University students should be allowed to return home from campus now, unions say

Signs on a window at Manchester Metropolitan University’s Birley campus
Signs on a window at Manchester Metropolitan University’s Birley campus - (Copyright PA Wire)
20:43pm, Thu 01 Oct 2020

The National Union of Students (NUS) and the University and College Union (UCU) have called for urgent action from the Government as coronavirus outbreaks have hit university campuses across the UK.

Larissa Kennedy, NUS president, said students have been left “trapped in halls” and are struggling to access food and wellbeing resources, which she warned is needlessly risking lives.

It comes after Boris Johnson said students will be able to go home for Christmas – despite Covid-19 cases rising “quite rapidly” among young people.

Speaking in the Commons on Tuesday, Gavin Williamson suggested a shift to online learning could be applied in “specific cases” to enable students to safely return home at the end of term to be with their families over the festive period.

But the education unions are calling for a move to online learning wherever possible – and they say students should be given a safe way to leave campus now if they want to.

Students should not face any financial detriment for giving up accommodation, or choosing to defer or leave university, they say.

The ongoing uncertainty students face is exacerbating poor mental health, debt and needlessly puts lives at risk

Ms Kennedy said: “Over the past few months, students have repeatedly been encouraged to move, ensuring that universities and accommodation companies could collect tuition fees and rent whilst leaving thousands of students trapped in halls, with many struggling to access food, basic amenities and wellbeing resources.

“The ongoing uncertainty students face is exacerbating poor mental health, debt and needlessly puts lives at risk. Put simply – students deserve better.”

Labour leader Sir Keir Starmer called for more mental health aid for students caught up in the pandemic.

He used a “Call Keir” Zoom question-and-answer session on Thursday with selected students and parents to call for more help to be given to young people facing restrictions on campuses and halls of residence.

During the call, Eugene Ritchie, a student at Glasgow University told Sir Keir: “I’m in a flat of 12 and all of us tested positive. All 12. Luckily, no-one’s had it too severely.”

Leeds University student Joe Haslam said more than 1,000 students lived in student accommodation at Central Village and currently the whole block was using one lift. He said: “There’s normally two, but one’s out of order at the moment.”

A Leeds University spokesman later said Central Village was made up of four buildings with 976 students divided between them, and one lift in one of the buildings was was out of order and receiving urgent attention.

Sir Keir said: “With young people coming together in their accommodation area in groups of four, or six, or sometimes 12, and the almost inevitability because of shared accommodation that once somebody has got Covid-19 everybody is going to be getting it.

“And I’m very struck by the fact that at least two people came on and said that basically everybody in their flat or accommodation has now got Covid. And they have got no alternative but to share facilities.”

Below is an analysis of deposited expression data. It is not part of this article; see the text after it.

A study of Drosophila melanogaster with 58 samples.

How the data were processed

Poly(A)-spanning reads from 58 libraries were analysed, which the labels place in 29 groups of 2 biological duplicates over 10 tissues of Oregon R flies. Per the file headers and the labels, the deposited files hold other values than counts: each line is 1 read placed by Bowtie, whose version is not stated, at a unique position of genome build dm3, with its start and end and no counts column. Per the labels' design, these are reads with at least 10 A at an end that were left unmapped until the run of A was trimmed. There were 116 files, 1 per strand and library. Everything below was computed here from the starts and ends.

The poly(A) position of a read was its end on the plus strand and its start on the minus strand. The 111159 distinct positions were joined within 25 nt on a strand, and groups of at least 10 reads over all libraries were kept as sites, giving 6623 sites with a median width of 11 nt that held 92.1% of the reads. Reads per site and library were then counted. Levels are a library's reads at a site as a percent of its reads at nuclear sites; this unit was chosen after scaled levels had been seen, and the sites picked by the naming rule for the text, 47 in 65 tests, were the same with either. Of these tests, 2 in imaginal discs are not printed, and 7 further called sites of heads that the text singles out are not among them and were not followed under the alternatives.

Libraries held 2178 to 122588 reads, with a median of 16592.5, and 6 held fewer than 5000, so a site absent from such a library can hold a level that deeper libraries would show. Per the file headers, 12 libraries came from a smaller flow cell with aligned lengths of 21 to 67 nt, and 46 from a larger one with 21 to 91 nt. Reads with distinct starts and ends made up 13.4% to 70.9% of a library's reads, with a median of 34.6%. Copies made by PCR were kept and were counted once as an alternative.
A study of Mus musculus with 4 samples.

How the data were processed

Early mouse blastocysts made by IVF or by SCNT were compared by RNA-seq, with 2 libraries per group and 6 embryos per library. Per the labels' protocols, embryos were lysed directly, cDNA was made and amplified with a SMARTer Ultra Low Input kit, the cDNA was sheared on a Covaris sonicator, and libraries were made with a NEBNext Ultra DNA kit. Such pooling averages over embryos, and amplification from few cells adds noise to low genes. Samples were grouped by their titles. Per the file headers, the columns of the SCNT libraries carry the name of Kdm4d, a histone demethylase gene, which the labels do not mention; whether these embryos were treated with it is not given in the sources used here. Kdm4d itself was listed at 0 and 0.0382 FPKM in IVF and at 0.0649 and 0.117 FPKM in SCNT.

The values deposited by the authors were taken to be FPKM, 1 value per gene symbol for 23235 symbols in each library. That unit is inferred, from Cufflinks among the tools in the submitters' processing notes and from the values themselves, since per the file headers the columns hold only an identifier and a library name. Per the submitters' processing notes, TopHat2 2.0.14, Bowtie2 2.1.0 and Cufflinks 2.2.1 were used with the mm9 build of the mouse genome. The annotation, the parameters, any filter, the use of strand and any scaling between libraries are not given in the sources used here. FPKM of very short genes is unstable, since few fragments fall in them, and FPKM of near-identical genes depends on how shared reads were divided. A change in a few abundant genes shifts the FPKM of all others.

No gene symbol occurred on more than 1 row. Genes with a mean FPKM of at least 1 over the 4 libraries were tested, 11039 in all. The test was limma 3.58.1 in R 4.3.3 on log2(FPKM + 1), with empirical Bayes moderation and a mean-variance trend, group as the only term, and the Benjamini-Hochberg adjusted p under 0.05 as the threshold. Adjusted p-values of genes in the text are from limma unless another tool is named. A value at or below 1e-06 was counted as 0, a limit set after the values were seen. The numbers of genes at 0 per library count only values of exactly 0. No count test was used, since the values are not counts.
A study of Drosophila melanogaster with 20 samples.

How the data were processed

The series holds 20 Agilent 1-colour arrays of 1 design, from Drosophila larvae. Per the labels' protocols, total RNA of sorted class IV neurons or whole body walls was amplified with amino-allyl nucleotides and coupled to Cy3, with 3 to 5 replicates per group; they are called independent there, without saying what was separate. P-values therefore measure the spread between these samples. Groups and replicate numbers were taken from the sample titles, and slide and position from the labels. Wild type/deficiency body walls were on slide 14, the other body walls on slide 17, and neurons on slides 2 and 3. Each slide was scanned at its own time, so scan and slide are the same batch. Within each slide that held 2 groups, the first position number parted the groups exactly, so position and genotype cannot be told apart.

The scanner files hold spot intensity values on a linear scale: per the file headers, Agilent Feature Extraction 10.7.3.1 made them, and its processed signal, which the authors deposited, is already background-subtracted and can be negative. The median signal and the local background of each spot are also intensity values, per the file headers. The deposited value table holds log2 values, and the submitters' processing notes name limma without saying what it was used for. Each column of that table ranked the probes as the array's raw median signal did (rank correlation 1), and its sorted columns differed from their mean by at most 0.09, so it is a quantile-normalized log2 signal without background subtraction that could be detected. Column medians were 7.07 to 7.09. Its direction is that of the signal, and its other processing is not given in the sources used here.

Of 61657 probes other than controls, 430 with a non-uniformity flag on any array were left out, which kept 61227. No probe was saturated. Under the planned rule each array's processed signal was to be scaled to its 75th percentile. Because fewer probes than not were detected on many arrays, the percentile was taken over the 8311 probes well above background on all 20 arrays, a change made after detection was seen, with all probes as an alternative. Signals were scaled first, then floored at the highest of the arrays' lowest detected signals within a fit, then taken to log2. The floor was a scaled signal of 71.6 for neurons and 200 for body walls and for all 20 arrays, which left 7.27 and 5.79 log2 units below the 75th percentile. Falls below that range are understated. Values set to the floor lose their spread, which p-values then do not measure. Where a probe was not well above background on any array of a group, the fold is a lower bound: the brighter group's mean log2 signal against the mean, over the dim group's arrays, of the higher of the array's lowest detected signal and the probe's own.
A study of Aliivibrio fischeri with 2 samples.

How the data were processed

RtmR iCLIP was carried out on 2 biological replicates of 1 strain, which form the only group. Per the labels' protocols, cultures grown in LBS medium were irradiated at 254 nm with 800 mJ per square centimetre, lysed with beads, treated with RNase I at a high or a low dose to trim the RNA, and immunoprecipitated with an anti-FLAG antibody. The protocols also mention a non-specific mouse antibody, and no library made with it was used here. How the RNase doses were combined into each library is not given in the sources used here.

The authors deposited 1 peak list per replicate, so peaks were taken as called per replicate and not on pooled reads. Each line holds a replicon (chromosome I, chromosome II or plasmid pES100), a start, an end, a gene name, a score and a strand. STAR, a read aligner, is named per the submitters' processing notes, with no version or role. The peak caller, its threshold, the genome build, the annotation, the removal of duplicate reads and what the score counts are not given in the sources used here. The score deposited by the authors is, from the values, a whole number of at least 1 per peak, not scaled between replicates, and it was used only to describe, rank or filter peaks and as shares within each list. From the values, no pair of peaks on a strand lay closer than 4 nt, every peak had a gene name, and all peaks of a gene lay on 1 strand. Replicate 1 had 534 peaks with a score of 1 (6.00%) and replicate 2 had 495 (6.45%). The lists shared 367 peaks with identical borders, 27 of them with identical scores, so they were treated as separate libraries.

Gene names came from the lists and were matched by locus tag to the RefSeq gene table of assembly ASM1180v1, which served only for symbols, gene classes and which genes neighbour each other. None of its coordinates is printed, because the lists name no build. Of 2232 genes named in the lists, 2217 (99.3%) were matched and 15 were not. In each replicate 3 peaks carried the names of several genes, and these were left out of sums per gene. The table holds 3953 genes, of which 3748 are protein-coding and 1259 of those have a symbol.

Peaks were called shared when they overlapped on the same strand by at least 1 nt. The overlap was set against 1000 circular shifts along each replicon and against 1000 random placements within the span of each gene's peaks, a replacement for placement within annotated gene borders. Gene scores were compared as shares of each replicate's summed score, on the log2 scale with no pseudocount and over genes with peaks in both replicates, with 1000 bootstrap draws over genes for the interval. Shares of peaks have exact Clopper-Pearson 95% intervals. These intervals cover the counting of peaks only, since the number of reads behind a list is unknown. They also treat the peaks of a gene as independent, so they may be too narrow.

Jo Grady, general secretary of the UCU, said: “Ministers need to act now and tell universities to halt in-person teaching where possible and move the majority of work online, in line with other workplaces.

“They also have to guarantee funding for universities to safeguard institutions’ finances and protect jobs.

“If the Government had followed our advice and made that clear financial commitment, universities could have spent the summer studying the science, working on a consensus about when to restart and, crucially, prepare properly for this term.”

The joint statement from the two unions says: “We recognise the need to keep universities open, but campus life needs a radical overhaul to keep us all safe and limit in-person contact.

“Those currently working and studying in our universities need a national strategy that fully recognises this risk, moves teaching online for the duration of this term, and ensures students can safely return home where possible.”

It adds: “Students must not be forced to quarantine in halls of residence with no familiar support network, pastoral care and more serious restrictions than the rest of society.

“Staff must not be forced to carry out work on site that could be conducted more safely from home. Students must be allowed to safely return home if they wish to, without fear of financial penalty for leaving their student accommodation.”

A Universities UK spokesman said: “Most universities are offering some in-person teaching, support, and social activities where these can be provided in a physically distanced way, alongside online alternatives to ensure that students are supported and engaged.

“Where it is necessary for students to self-isolate, universities are taking care of both their physical and emotional well-being, including access to testing and healthcare, mental health support, continuing learning online, safe social interaction, food deliveries, laundry, and financial support.”